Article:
Mock, if you must, the NFL exhibition season. Go ahead and call fake football the worst full-price thing on the national sports calendar. Besides the fake football of the Pro Bowl, I mean.
The cruel rhetoric cannot shield the bright light of truth that was seen Thursday night at the Clink. I’m pleased to say I was there when Paxton Lynch rose from mud and leaves to overtake Russell Wilson as Seahawks quarterback, and stepped over the carcass of his former team to do it.
What a story.
Or, if you insist:
What? A story?
Well, yeah. Sorta.
Maybe Lynch didn’t quite surpass Wilson. But at the moment he has one more passing touchdown and one more rushing touchdown than the NFL’s most expensive player.
Lynch has to be scored the winning pitcher in the Seahawks’ 22-14 triumph (box) over the Denver Broncos. So he’s 1-0 in exhibition season, whereas Wilson, who didn’t play a lick for the first time in his career, remains stuck on a four-game losing streak from August a year ago.
Seems to me we at least have a quarterback controversy.
Playing the entire second half, Lynch produced better results than his sometimes dubious work in training camp, completing 11 of 15 passes for 109 yards and a rating of 115.7, plus 38 yards in four scrambles. Besides Wilson’s 0h-fer, the other camp QB, Geno Smith, was 3-of-9 for 58 yards, and 21 yards on three scrambles.
Quibblers will make the point that Lynch’s work largely came against the portion of the Broncos roster made up of people who will be Amazon van drivers after Labor Day. At least Smith had to square up against salty veterans like All-Pro DE Von Miller.
That did not diminish a bit the grin on Lynch’s face.
“It felt great,” he said. “It felt good to have all that hard work pay off.”
Post-game, coach Pete Carroll added to the drama by dropping his veil of secrecy and disclosing that Smith will have a cyst removed from a knee, a minor procedure that nevertheless will keep him out five to 10 days.
“We’re hoping for that,” said Carroll, who allowed as to how they are looking to bring in another quarterback.
In the intense NFL calendar, 10 days is at least an eon or two where Smith can’t compete against Lynch, the definite underdog entering the game in the backup QB race.
The Lynch saga was enhanced Thursday because he beat the team that used a No. 1 draft choice, 26th overall, on him in 2016. He was the third quarterback taken, behind Jared Goff and Carson Wentz.
But after starting just four games in two seasons (four TDs, four INTs), Broncos boss John Elway unceremoniously cut him on the eve of the 2018 season. No NFL team gave him a sniff, so he had to sit out the season.
“While everyone else was playing, I was sitting at home, watching TV,” he said. “I was working hard, building myself up, trying to get back where I was.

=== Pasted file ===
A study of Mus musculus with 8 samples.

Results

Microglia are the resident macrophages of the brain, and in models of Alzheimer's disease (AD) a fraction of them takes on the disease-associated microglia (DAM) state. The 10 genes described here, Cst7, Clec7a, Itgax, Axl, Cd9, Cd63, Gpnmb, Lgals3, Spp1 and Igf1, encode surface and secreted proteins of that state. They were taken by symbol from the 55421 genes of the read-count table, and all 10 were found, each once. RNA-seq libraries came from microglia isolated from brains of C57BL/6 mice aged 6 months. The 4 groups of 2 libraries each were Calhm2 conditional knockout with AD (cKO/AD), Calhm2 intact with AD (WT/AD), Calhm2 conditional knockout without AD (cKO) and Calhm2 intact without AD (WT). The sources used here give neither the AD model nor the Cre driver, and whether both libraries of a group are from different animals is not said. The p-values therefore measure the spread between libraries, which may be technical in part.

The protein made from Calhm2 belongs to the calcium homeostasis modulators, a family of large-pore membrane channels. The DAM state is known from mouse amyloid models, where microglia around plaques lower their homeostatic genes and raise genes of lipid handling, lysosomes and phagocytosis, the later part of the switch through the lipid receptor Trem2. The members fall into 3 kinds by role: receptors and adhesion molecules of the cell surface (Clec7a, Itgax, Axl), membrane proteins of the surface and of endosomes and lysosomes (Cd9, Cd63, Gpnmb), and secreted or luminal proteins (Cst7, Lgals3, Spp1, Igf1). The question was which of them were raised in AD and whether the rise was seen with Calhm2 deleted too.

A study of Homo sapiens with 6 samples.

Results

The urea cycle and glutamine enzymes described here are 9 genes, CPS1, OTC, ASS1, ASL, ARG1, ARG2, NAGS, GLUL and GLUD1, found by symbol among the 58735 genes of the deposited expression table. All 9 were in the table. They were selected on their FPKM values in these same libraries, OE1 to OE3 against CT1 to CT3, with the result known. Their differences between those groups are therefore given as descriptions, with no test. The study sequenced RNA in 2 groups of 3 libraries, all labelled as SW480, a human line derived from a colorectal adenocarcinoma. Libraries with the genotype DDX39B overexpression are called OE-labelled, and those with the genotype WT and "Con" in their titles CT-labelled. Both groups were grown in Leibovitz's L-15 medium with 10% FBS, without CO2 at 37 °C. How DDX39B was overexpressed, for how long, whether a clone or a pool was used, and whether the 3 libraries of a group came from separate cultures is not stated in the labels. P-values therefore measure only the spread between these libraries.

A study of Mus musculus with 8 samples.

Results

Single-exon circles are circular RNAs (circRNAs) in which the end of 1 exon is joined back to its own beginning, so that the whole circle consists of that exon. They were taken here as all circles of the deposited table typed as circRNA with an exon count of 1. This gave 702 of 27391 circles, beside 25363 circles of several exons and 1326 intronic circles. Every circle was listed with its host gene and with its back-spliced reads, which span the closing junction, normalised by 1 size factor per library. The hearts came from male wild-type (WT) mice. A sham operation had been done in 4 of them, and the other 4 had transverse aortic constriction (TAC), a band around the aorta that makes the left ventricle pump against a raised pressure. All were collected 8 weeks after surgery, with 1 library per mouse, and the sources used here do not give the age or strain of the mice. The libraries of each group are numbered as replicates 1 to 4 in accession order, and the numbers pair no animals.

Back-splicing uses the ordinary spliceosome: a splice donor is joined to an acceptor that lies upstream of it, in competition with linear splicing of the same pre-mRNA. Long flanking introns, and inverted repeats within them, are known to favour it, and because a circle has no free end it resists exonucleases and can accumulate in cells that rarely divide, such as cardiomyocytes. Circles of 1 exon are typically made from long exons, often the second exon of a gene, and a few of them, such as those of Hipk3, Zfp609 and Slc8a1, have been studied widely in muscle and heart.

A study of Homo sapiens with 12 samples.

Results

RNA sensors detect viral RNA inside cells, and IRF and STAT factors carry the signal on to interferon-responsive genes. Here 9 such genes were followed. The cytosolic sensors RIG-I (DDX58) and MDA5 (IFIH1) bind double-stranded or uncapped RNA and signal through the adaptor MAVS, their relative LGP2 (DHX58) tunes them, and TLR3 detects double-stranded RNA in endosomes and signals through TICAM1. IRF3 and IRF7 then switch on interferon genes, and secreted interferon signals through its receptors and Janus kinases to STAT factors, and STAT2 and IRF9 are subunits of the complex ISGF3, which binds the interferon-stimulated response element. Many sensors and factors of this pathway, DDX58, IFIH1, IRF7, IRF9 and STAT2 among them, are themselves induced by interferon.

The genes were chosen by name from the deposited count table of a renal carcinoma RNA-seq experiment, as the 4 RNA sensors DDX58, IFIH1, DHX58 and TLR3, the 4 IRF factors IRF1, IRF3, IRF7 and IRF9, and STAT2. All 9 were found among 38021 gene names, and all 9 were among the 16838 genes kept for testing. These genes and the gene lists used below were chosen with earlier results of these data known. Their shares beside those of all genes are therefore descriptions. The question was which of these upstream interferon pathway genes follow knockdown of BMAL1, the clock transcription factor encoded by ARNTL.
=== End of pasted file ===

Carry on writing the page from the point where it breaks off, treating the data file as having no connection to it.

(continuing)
“I was excited when Seattle gave me the opportunity to come here.”
He was so excited that he appeared to throw some shade on his days as a Bronco.
“It feels closer, it feels like a family,” he told reporters after practice Aug. 2. “I bring my fiance out here, I bring my dad out here, and they even say it, too. They feel so much more welcome around everybody; they treat them so good. They treat the players good. It feels like you’re part of a family. It feels like everybody’s close.”
Naturally, that made news in Denver. Before the game at the Clink, Elway returned service.
“I don’t know how Seattle runs things,” Elway told The Athletic. “I’ve never been in their camp, just played against them. But I feel comfortable with where we are as far as being friendly.
“I will say this: If you don’t have success, nothing is very friendly, and when he was in Denver he didn’t have a lot of success there. So therefore, I can understand in his mind why it was not a very pleasant stay in Denver. And it’s too bad it happened. I’m glad he’s getting another shot up here, and it’d be nice to see him have some success.”
Lynch after the game dismissed any revenge factor.
“No,” he said. “I know that there was some talks that it was about this or that. I love those guys. They mean a lot to me.”
Probably true. But Elway likely wasn’t among “those guys.”
Depending on how things go in Seattle, the flop in Denver, however embarrassing for Elway, may have been worthwhile for Lynch.
“There was was a lot that went into this,” Lynch said. “Having that year off played a big part. I just wanted to go out there with my guys and win a football game and show those coaches they can trust me if my number is ever called upon. I felt like I did a good job in that.”
“He did a really good job,” he said. “Handled himself well. Good tempo with the game, and ran the ball really well. He’s a big unit (6-foot-7) running — you saw that down by the goal line.”
That was a reference to Lynch’s sweeping nine-yard scramble for a score that put away the game 22-6 with 12:55 remaining. His goal-line spin after a collision was a tiny echo of Elway’s famous “helicopter spin” in Super Bowl XXXII. Which is probably another thing Elway didn’t want to hear.
Other virtues accrued for the Seahawks: Quality special teams play, notable rookie debuts for the University of Utah rookie tandem of SS Marquise Blair and LB Cody Barton, a startling variety of blitzes that produced a safety from safety DeShawn Shead, and four catches, one for a TD, by undrafted rookie WR Jazz Ferguson.
Balancing that out were 15 penalties for 131 yards, a sprained ankle for RT/TE George Fant, and a temporary shortage of running backs so severe that Xavier Turner, a free agent signed off the street Wednesday, saw his first Seahawks action of any kind when he stepped into the opening huddle Thursday. He led Seattle with 42 yards rushing.
But anytime a team can manufacture a quarterback controversy out of a preseason game, even a positive one, it’s a worthy August evening.